In a landmark court case, tobacco giant Philip Morris has lost a protracted and costly international battle with Australia to keep its brand logos on its cigarette packs. The court ruling could pave the way for other countries to impose similar laws requiring tobacco products to be sold without brand logos.
Philip Morris Asia Ltd challenged Australia when it introduced the laws in 2011 - the first of their kind in the world - to require companies to remove branding from packaging and replacing them with graphic health warnings. The tobacco company argued that the Australian law breached its intellectual property and trademarks.
The lawsuit was filed under Australia's 1993 bilateral investment treaty with Hong Kong, which protects investments made by companies against discriminatory treatment by governments using so-called investor-state dispute settlement clauses. However, the Permanent Court of Arbitration in Singapore, which heard the case, decided on 18 December that it did not have jurisdiction to consider the case. This effectively means that Australia's laws can remain in force.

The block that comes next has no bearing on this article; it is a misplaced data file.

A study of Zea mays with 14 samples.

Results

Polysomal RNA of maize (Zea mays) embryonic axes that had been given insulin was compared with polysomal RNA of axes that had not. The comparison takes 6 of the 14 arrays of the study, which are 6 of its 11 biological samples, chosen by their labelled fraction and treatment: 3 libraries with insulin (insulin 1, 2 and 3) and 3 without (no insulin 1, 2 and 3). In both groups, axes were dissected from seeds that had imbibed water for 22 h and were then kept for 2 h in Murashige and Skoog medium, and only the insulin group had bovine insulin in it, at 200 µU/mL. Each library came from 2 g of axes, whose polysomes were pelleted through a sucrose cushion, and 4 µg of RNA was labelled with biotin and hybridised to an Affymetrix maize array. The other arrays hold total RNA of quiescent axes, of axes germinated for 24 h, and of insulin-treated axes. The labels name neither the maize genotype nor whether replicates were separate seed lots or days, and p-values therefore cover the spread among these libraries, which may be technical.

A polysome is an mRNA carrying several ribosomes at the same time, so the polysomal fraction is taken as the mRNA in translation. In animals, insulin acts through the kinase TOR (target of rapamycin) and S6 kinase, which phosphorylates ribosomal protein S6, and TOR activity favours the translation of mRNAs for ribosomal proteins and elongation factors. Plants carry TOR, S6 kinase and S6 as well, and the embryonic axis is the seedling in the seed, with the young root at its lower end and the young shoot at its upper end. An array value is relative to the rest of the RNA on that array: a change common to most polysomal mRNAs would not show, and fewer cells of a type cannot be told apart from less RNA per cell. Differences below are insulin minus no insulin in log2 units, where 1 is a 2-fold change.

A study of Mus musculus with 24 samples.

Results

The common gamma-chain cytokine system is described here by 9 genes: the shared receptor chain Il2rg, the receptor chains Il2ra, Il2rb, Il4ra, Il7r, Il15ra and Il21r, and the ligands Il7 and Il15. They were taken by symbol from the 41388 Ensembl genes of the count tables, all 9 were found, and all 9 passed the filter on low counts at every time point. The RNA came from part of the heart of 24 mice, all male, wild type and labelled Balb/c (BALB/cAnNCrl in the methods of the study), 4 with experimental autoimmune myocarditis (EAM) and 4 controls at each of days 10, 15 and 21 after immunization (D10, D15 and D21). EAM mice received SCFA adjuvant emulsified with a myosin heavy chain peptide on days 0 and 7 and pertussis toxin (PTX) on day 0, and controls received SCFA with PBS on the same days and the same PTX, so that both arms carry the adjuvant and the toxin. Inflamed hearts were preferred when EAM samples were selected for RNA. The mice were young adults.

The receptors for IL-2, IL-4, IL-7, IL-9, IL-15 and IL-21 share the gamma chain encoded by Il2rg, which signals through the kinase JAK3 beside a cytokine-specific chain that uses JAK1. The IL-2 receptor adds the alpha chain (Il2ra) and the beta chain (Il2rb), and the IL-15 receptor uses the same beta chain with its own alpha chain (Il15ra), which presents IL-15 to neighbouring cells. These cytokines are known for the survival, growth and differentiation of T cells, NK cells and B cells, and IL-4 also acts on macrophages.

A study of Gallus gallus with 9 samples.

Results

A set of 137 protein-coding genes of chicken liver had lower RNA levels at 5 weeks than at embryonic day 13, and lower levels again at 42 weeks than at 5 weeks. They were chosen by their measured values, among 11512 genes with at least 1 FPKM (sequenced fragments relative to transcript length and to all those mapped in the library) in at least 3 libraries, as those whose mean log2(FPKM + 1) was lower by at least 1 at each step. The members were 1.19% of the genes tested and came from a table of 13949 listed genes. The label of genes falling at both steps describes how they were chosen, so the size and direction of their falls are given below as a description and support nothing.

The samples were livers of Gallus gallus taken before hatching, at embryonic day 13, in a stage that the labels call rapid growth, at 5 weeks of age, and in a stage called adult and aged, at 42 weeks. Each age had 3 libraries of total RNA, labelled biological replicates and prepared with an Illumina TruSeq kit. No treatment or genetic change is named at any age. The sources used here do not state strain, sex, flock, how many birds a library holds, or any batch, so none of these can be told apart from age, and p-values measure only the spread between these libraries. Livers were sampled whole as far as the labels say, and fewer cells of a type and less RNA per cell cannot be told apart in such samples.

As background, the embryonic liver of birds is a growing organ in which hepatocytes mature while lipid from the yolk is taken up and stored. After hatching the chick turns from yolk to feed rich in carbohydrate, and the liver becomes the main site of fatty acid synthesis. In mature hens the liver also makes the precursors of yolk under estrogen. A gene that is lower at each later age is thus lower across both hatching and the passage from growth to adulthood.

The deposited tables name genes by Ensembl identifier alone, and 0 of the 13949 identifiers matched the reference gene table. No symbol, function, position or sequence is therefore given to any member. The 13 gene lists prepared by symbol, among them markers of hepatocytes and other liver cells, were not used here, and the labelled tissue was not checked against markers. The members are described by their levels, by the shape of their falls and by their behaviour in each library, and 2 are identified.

Fiona Nash, Australia's assistant Health Minister said in a statement: "We welcome the unanimous decision by the tribunal agreeing with Australia's position that it has no jurisdiction to hear Philip Morris' claim. Smoking does untold harm to Australians, causing deaths from cancer, lung and heart disease, and hurting families." She added: "Plain packaging is a legitimate health measure which is consistent with Australia's international legal obligations."
Australia was one of the first to pass such a law and several others have introduced similar legislations. Another 20 governments are currently considering such a ban. In the UK, branding on cigarette packs will be banned from May 2016, while this will take effect in France next year. Ireland and Hungary have also passed similar laws.
British American Tobacco PLC, Imperial Tobacco Group PLC, Japan Tobacco International and Philip Morris International Inc have already started legal challenges against the 'plain-packing' laws in London's High Court earlier this month. The outcome of these lawsuits will be closely watched by both lawmakers as well as tobacco producers.
Marc Firestone, Philip Morris International's Senior Vice President and General Counsel said: "There is nothing in today's outcome that addresses, let alone validates, plain packaging in Australia or anywhere case." He said the company was reviewing the decision for a possible appeal. In 2012, the British American Tobacco failed to overturn the Australian government's law in the High Court.